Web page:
Broadband customer describes change in speed
MUSKINGUM TWP — With clear video, audio and no lag from connections in Lowell to Rainbow, Marietta to Harrison County, the Southeast Ohio Broadband Cooperative’s first subscriber shared her experience with new internet speeds Wednesday with elected officials representing her and the area both locally and in Columbus.
“Compared to what we used to have, it’s a lot faster and a lot better,” said Angela Harris, of Muskingum Township. “Whenever my daughter watches things on YouTube or Sesame Street (it no longer) takes forever to load. And it doesn’t buffer all the time like it used to.”
Harris is the mother of two, living on the western side of the Muskingum River just outside of Lowell. She’s one of the early subscribers of the nonprofit’s first wireless signal, following the installation of four antennae earlier this month.
“She’s on that same stretch of unserved area that I happen to live on,” said cooperative founder David Brown.
Brown, an information technology and security specialist, described the connection Harris had prior to a subscription with the nonprofit as “when I saw it, you could probably smoke a brisket in the time it would take you to pull up a webpage.”
“It was bad, I would say right around dial-up speeds,” described Brown.
Contrast that with no lag time, and getting to introduce the newest addition to the family, a months-old infant, to great-grandparents.
“Great-grandma got to see kids that she hasn’t seen, physically, in-person yet,” said Brown.
Installations and setting up accounts are both ongoing for the Southeast Ohio Broadband Cooperative, alongside efforts to secure additional funding, hilltops and state eyes on what many locally consider a public utility, even if not designated federally as such.
But keeping that momentum going with local, state and federal investment was also key to the elected officials also on The Marietta Times video call Wednesday.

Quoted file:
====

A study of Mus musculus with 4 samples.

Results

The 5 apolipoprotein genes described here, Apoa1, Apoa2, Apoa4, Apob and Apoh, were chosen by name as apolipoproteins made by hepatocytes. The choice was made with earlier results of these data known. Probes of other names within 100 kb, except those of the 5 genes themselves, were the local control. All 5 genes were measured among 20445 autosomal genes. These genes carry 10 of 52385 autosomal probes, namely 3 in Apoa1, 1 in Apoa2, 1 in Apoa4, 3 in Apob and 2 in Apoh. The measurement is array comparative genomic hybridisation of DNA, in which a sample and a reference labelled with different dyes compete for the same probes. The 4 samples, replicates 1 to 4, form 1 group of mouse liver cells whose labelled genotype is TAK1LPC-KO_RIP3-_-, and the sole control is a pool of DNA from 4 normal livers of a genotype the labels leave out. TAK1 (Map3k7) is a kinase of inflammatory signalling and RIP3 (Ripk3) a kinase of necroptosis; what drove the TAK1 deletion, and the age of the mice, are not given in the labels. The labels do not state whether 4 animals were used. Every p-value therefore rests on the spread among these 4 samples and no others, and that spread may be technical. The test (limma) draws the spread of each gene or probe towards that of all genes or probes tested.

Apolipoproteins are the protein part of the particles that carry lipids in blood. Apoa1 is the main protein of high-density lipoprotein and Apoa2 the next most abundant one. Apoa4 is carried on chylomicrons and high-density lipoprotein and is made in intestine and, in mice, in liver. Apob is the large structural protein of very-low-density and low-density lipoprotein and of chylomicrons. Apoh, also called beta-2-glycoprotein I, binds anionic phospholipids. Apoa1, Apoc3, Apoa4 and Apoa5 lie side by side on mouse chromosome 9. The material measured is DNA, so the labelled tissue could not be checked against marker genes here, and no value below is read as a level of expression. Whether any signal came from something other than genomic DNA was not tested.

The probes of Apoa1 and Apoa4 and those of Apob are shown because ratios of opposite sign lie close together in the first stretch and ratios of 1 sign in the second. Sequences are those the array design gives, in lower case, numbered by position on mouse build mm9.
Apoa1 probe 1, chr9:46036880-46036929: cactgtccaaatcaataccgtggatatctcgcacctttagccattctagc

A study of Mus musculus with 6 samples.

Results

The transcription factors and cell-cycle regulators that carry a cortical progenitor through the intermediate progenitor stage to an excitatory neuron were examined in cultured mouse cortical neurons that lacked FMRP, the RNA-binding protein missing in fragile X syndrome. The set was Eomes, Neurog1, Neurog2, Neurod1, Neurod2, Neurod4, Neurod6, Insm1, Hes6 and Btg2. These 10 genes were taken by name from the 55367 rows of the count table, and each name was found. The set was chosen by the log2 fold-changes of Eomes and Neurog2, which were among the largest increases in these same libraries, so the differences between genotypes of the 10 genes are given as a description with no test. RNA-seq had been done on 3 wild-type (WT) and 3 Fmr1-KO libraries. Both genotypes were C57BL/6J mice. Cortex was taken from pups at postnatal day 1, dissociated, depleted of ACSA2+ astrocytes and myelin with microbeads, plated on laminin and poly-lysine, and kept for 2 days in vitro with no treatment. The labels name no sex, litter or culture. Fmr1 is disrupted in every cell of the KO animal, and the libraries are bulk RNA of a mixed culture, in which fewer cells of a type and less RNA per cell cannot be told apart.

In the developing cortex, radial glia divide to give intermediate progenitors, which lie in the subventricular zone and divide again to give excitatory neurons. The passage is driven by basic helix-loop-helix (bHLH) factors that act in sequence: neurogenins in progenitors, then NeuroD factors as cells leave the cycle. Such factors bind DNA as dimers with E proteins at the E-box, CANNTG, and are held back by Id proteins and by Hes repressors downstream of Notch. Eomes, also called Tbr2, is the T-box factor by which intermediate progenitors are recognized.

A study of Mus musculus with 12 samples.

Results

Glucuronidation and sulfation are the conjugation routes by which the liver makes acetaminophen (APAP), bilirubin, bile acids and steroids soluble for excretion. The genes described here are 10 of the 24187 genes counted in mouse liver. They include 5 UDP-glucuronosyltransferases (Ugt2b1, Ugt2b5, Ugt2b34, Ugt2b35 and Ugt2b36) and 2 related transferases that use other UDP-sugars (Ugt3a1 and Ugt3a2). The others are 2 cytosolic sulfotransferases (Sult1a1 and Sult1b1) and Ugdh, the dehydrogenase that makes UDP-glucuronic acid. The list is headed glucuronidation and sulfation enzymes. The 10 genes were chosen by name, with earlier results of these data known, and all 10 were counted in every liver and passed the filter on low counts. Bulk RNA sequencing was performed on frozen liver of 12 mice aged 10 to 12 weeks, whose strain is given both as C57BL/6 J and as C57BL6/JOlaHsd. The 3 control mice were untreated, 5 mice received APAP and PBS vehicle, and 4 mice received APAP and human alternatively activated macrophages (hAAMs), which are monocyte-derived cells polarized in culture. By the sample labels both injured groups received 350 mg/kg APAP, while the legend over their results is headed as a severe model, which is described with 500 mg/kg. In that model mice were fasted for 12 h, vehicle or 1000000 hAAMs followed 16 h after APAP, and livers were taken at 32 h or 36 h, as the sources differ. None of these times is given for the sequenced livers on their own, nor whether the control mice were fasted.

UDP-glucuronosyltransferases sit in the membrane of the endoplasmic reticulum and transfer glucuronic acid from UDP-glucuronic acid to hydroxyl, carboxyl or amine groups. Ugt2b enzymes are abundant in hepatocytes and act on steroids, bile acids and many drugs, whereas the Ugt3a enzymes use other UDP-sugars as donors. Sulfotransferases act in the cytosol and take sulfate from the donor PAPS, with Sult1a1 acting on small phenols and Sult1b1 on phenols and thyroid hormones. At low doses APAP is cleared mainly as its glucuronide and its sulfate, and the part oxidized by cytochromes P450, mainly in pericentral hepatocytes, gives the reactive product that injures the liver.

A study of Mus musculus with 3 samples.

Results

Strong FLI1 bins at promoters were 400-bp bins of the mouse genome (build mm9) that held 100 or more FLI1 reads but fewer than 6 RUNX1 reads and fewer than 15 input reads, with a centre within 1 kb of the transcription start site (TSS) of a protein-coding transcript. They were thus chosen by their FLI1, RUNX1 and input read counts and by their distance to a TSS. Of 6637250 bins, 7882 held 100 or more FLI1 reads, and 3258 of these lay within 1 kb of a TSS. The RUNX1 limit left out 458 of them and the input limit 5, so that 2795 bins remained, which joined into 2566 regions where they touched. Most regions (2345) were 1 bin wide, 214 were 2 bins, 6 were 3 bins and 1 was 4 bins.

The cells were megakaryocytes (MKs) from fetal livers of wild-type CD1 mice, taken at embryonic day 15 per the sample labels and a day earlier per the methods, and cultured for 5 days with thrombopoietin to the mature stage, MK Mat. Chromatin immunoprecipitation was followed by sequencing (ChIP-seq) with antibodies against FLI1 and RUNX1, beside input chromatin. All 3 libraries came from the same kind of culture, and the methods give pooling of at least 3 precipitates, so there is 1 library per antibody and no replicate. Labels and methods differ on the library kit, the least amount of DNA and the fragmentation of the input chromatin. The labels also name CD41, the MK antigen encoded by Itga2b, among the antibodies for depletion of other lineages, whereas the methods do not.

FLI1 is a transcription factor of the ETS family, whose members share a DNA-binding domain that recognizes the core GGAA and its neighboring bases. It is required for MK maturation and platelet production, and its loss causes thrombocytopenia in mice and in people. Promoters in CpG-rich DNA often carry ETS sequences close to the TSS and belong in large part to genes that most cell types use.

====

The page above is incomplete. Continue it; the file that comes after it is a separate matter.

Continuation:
“We can sit around and wait until the federal government declares broadband a utility, and if we do that we’re going to be sitting here for another 50 years, another two generations,” said Washington County Commissioner Kevin Ritter. “Or we can do what we’ve done and really take the bull by the horns and do something for ourselves.”
Ritter said that initial investment of CARES Act dollars ($50,000) by the county into the nonprofit was first supported under the last commission while he was a junior member before the additions of commissioners Jamie Booth and Charlie Schilling took office this year, and it’s the stories of families like the Harris family which incentivize the momentum.
“We’re just thrilled with the way things have fallen into place. We’re thrilled that Angie and others are going to have access to high-speed internet and we look forward to cloning the project and getting the entire county on broadband.”
Ohio House Majority Whip Don Jones, who is one-half of Washington County’s representation in the state’s House of Representatives, also took the opportunity Wednesday to share next steps at the state level concerning broadband funding for “boots on the ground” if the Ohio Senate would next pass House Bill 2.